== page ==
One-Light and V-Flat Reflector

An artist friend of mine, Allyson Lipkin, dropped by the studio the other day and we did a very quick shoot that resulted in several shots I’m very happy with. The entire shoot was done with a single Alien Bees B800 and a shoot-through umbrella. So, the one-light magic strikes again. But is it really just one light? Well, not always.


The first shot shows the result of using one of my go-to setups. A solid Thunder Gray background and a single shoot-through positioned in front, and to one side, of my subject. It’s the 45/45 position. This is classic one-light.

The second shot (color effect added) appears to have at least one more light coming in from the side and slightly behind the subject, creating that nice highlight on the right side. That’s simply the effect of light bouncing off a reflective panel similar to the one that’s visible in the shot. The diagram below illustrates how two reflective panels were setup as a V-Flat to create this scenario.

I’ve used this reflective V-flat before in a few other shoots including one I did with Abigayle (watch for the upcoming post on this).  Here, again, it’s a single flash, this time directed straight-on to the subject.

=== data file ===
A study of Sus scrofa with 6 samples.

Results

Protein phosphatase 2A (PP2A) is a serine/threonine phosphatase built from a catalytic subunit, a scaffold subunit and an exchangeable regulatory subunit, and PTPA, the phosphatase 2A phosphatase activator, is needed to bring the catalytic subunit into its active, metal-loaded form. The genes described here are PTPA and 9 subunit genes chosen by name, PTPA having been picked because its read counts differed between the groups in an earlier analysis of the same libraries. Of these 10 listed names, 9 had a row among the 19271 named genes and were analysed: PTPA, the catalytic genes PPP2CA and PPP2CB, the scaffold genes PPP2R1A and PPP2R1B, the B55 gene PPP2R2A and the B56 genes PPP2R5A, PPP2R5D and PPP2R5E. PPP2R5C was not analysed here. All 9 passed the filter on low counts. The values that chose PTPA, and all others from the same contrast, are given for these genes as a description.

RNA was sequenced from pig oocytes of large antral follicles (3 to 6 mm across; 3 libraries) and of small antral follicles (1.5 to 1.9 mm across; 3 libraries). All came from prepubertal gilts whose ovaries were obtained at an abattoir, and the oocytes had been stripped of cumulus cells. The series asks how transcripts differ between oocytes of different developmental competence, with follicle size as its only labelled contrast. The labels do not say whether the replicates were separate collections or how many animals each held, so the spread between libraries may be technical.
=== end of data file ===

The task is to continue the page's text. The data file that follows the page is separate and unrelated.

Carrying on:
Experiment with a single light off-camera and some reflective surfaces.  See if you can get the reflections to serve as background elements/effects, or as secondary light sources for things like adding highlights.  Who knows, maybe this week’s theme in the FB group will be #reflections?



Just got the membership. Great sight. Do you take requests/suggestions for future member content?


The courses are great specially the positioning diagrams.

Is it possible for you to do something on “no-frills” or “equipment-lite” portraiture? No sure the best way to describe it but something that would involve one lens and no sophisticated lighting.

Btw, is there a way to leave feedback in the member section?

Ed Verosky

The Flash Course explains several ways to create great portraits with an on-camera flash and automatic settings, among other things. Any standard lens (like a 50mm) can be used. The Studio Lighting course has information on using household lamps and clamp lights if you have nothing else on-hand. Have you taken a look at those sections yet?